Back in May, some anonymous Tesla employee leaked an email that Elon Musk sent to his staff. In it, he writes that “Excessive meetings are the blight of big companies and almost always get worse over time.”
“Please get rid of all large meetings, unless you’re certain they are providing value to the whole audience, in which case keep them very short,” he continues. Elon goes on to instruct his staff to “walk out of a meeting or drop off a call as soon as it’s obvious you aren’t adding value. It is not rude to leave, it is rude to make someone stay and waste their time.”
That’s a pretty clear directive. Not to mention an awesome one. I had pretty much resigned myself to meetings being like death and taxes: undesirable but unavoidable. How thrilling this was, the idea of a work week where my few productive hours would not have to be squeezed in between standups, status checks, scrums and those special kinds of pointless meetings whose only discernable reason for being called is for keeping the seats warm on the conference room chairs. Because no actual work was committed in the course of those fabulous get-togethers, I can attest. Who among us has not had to play calendar Tetris, trying to fit all those color-coded blocks into our schedules while still trying to maintain some semblance of a work week — even as a new email alert dings announcing yet another meeting?
I mean, we all hate meetings. So why do we have so many of them? This seems frankly like a no-brainer: less meetings, more work time, everybody happier and more productive. Given the way tech companies fetishize ol’ Elon, I’ve been waiting ever since for the fewer, shorter meetings trend to really take off.
Five months after Elon’s edict, nobody I know is suddenly swamped with swaths of unbroken hours at work for doing, you know, their actual job. So that leaves taking his final piece of advice: Walking out of a meeting or leaving a conference call as soon as it is obvious you aren’t adding value. Which I am going to go out on a limb here and say we have ALL fantasized about doing. I mean, I’ve been in meetings so dire and endless I’ve daydreamed about faking a heart attack or seizure or something, just to get out of there. But I’ve never actually seen anyone just, you know, simply legit leave a meeting because they had contributed all they had to offer for the confab and were going to go back to their desk to do their work now.
Faking choking on a donut, that I’ve seen — admired, even — as a tactic, once upon a meeting. Standing up, waving apologetically around the room with a quick statement like, “My contribution here has been made,” exiting quietly — it makes total sense. But it also seems utterly unthinkable. Why, though?
Maybe it’s survivor guilt — how can we leave our teammates behind in a pointless meeting that has no actual agenda and lacks a defined end time? More likely it is because we all would like to keep our jobs, and there is a shared culture of resignation when it comes to meetings. (Resignation as in stoic compliance to an inevitable fate, not resignation as in “take this job that is more meetings than actual work and shove it”). Simply put, leaving a meeting before it’s over — barring some obvious intervening crisis — is at best seen as rude. Or, at worst, as not being a team player, not contributing to the organization, not being an essential cog in the machine — in short, expendable. Fireable.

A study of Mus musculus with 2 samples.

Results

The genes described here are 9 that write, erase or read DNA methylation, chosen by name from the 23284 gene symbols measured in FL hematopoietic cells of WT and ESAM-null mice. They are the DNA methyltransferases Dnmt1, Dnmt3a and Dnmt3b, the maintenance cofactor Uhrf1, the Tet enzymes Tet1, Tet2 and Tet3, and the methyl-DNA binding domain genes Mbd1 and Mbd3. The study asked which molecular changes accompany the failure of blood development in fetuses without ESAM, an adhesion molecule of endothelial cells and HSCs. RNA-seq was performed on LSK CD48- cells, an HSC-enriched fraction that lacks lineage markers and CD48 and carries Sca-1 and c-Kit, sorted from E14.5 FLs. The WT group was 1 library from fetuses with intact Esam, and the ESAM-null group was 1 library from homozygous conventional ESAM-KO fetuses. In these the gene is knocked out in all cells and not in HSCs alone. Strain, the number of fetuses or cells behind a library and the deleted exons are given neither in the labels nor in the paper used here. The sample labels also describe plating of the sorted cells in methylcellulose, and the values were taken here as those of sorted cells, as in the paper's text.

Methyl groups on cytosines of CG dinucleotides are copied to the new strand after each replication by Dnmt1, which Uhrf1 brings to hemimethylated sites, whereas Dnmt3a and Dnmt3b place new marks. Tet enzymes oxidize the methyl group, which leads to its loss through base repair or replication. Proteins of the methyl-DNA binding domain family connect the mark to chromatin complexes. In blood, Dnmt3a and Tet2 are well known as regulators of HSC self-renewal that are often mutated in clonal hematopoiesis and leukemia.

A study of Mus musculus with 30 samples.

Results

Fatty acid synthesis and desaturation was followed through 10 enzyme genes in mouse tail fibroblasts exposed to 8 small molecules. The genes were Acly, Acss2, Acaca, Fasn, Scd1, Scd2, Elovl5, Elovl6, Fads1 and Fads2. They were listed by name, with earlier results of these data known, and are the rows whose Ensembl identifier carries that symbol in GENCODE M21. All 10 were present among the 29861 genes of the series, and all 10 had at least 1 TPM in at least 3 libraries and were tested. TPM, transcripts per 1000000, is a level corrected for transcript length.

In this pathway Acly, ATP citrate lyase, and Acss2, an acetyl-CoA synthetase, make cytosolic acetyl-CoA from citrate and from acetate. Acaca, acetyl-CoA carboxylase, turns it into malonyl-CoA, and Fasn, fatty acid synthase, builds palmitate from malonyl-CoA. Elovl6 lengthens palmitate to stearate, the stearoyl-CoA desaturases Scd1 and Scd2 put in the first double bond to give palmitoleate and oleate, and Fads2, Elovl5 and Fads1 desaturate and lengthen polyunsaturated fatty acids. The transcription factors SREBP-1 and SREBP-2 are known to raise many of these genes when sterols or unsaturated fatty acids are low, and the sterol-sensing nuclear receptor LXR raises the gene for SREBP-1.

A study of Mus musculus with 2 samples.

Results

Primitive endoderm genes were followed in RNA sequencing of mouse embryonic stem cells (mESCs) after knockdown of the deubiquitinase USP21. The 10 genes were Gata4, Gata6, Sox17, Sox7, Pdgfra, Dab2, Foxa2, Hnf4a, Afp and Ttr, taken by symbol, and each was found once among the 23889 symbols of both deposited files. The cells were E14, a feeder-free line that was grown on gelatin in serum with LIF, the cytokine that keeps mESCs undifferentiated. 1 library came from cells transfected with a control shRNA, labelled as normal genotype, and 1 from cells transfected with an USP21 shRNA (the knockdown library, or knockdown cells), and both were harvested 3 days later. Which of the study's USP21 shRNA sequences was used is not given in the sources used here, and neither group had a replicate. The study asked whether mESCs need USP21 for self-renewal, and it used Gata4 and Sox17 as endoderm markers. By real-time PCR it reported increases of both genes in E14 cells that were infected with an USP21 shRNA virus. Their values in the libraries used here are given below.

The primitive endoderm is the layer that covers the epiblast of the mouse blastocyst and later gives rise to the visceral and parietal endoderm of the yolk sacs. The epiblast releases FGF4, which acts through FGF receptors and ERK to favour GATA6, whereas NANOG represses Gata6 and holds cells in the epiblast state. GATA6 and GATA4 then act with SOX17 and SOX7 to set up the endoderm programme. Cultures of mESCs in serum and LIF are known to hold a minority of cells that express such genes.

But, I would argue, many if not most of us do leave. Not by walking out, which would at least be honest and productive, but by finding other less visible ways to not attend the proceedings. Covert Facebook scrolling under the guise of pretending to check an important work email. Doodling an insanely complex and detailed lion/tiger/liger. Or simply zoning out, going someplace else mentally — fantasizing that next vacation, anyone? — until the ordeal finally finishes.
For the record, my favorite meeting survival tactic is to always bring a notepad. Rejection of technology makes you look earnest and will be revered. Then I take notes by simply writing down one random word from every few sentences uttered, nodding studiously while doing so. (I learned the hard way that making any kind of actual list of things you do give a crap about — To Do list, groceries, etc — is heavily frowned upon. Playing an impromptu game of “buzzword bingo” even more so). This tactic does run the risk of someone asking if you are taking notes for the meeting. If this happens, quickly reply that these are your own personal notes and that someone else should be in charge of keeping the official meeting record. Also that you have terrible handwriting. Then, afterward, I like to take my list of random meeting words and formulate it into a haiku or free verse and share it with my equally snarky friends who have spent the week surviving equally dull, pointless and soul-numbing meetings.
Or — if you really, really need a way out, but lack the nerve to pretend you’re choking on one of the “See?! Meetings are fun!!” snack bribes — you could try the Smart Fake Call app, which allows you to preschedule your phone to ring with an urgent call in the meeting’s midst.
Until our collective organizational cultural values shift to a place where it’s ok to leave a meeting once your contribution has been made, then I’m afraid this is all I’ve got.
Help us, Elon, you’re our only hope.
The New Stack is a wholly owned subsidiary of Insight Partners. TNS owner Insight Partners is an investor in the following companies: MADE.